Shrubs are some of the most reliable and hardworking plants in the garden.
They are long-lived, big enough to make an impact while still fitting into gardens of any size (even container gardens!), and some offer the same flowers, fragrance, leaf color, or pollinator appeal as your favorite annuals and perennials.
Shrubs also play well with other plants in the garden. They make a great backdrop to show off your shorter-lived flowering plants and cover for them when they’re not in bloom. Shrubs are also wonderful for creating an “understory” that fills the gap between larger trees and shorter plants and groundcovers. Birds and other wildlife also love shrubs as a safe haven between the ground and trees. Many shrubs also provide birds with fruit, nectar or even a place to build a nest.
💡Helpful Hint: Make the most of your planting work by choosing shrubs that look good in more than one season, like evergreens, reblooming shrubs and plants with pretty fall color.
Some shrubs have fall leaf colors just like trees.
Many shrubs fit well into containers for dressing up the patio.
Evergreens bring year-round color and aren’t always just green.
Many shrubs have attractive berries that may also attract birds.
Fall is the perfect time to plant shrubs in your garden. Here’s why:
- Most plants are still visible, so you know where you have gaps to fill.
- The year’s successes—and problem spots—are still fresh in your mind, so you know what might need replacing.
- As plants drop leaves, you’ll be able to see where you need some evergreen structure.
- Planting in fall gives your shrubs lots of time to recover and put out new roots before the stress of summer.
- You may be able to take advantage of end-of-season sales at your favorite nursery.
- Cooler weather also makes it more comfortable for you!
Here’s how to plant your shrubs in the fall for a beautiful garden next year:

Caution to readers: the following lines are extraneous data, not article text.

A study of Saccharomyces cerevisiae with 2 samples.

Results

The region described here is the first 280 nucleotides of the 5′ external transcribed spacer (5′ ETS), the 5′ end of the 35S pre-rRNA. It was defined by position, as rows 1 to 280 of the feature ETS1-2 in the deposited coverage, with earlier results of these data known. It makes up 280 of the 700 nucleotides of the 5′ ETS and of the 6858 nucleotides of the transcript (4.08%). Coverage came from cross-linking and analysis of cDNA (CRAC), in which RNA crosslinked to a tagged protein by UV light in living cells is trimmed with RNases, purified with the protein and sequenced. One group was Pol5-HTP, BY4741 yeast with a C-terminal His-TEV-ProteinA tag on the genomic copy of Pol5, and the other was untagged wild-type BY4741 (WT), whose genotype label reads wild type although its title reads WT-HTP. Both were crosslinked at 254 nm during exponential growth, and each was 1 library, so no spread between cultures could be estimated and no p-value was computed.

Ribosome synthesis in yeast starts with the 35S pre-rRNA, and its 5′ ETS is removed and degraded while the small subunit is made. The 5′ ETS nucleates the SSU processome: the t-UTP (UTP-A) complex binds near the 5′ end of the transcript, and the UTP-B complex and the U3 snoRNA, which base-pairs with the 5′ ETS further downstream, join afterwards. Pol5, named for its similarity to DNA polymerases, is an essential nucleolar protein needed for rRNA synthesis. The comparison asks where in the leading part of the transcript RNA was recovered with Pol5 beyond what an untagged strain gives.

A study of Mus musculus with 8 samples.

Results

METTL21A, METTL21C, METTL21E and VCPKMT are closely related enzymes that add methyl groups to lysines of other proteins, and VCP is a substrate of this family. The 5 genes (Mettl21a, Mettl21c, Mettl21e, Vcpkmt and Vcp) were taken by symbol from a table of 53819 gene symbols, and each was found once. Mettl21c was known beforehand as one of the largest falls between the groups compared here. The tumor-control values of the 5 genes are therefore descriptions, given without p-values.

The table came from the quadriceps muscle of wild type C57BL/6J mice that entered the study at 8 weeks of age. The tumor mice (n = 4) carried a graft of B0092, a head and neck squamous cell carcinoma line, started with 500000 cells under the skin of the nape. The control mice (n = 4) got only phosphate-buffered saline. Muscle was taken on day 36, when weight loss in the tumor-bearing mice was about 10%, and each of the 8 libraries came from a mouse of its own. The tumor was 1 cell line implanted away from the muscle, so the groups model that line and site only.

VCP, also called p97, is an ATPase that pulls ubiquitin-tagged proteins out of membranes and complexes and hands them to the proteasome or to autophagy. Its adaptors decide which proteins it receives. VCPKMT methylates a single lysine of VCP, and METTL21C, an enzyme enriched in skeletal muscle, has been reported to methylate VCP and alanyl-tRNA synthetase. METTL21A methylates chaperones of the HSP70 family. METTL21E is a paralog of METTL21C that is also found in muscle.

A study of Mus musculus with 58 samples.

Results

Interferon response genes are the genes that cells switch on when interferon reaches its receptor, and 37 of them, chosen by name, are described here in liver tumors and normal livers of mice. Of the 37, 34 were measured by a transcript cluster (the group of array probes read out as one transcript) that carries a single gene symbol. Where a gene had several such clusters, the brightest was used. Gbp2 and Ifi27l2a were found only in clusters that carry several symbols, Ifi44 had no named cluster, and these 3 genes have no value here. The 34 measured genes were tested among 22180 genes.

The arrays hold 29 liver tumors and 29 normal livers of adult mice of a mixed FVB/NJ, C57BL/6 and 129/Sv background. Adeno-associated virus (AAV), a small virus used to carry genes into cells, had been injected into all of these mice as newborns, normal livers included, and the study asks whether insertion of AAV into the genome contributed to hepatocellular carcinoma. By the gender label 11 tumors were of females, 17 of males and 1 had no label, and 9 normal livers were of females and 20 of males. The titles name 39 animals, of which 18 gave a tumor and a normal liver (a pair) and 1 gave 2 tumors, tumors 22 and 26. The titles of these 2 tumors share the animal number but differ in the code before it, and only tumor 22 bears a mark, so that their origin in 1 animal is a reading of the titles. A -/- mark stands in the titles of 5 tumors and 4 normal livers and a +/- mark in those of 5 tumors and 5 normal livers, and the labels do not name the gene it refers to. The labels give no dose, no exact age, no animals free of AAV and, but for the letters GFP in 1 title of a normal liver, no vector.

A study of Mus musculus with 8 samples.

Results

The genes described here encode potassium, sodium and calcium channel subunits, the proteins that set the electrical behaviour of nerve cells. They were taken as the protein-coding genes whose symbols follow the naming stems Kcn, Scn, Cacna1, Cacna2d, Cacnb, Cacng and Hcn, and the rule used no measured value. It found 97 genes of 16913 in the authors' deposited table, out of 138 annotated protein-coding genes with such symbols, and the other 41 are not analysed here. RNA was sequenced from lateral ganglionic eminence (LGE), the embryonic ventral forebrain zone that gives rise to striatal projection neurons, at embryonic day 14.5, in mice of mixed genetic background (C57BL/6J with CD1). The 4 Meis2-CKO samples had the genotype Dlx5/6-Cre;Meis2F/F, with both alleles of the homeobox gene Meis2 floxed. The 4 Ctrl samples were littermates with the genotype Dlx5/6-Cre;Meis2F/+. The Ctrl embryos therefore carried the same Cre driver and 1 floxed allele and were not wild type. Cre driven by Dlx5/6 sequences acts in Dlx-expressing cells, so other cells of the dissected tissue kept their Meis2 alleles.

- Start with a healthy plant. It’s okay to pull the plant out of its container at the store to make sure the roots are healthy.
- Dig a hole that’s twice as wide but no deeper than your plant’s container. It’s important to plant your new plant at the same level or even slightly higher than the surrounding soil.
- Take your plant out of the container it was sold in.
- Plants bought at the end of the season may have been in their container a long time and be “rootbound” with roots circling around the rootball. Loosen these roots and pull them outward so they can grow out into the soil. It’s even okay to cut them since you are planting in the fall to give them extra time to recover.
💡Helpful Hint: Use your shovel as a measuring tool! Compare the height of the rootball to your shovel blade to know how deep to dig. Use the handle to get an estimate of how wide to dig—the hole should be twice as wide as the container.
- Place your new plant in the center of the hole, checking that the top of the rootball is not lower than the surrounding area.
- Lightly dust the rootball with mycorrhizae (beneficial fungi) to encourage better root growth.
- Add the soil back into the hole, making sure there aren’t large air pockets. There is no need to amend the soil with compost or fertilizer: this is no longer considered necessary or helpful. Water well to help settle the soil. Add more soil if needed, but do not pack down after watering—this will compact the soil. Water instead to settle the soil again.
- Spread mulch around your new shrub. Mulch will help insulate your new shrub’s roots in the winter and keep them cool next summer.
Remember to Water…
Be sure to water your shrubs well immediately after planting and give them frequent, deep watering through the fall to help them recover and establish. Even if it’s cool outside or the shrub seems dormant, a lot is happening underground! Your plant needs lots of water to grow healthy roots.
💡Helpful Hint: How much water is enough? Water just until you see puddles that don’t soak into the ground right away. Do this at least twice a week during the fall and start again the next spring. After the first year, your shrub should be established enough to water on your normal schedule.
Information and most photos supplied by the National Garden Bureau.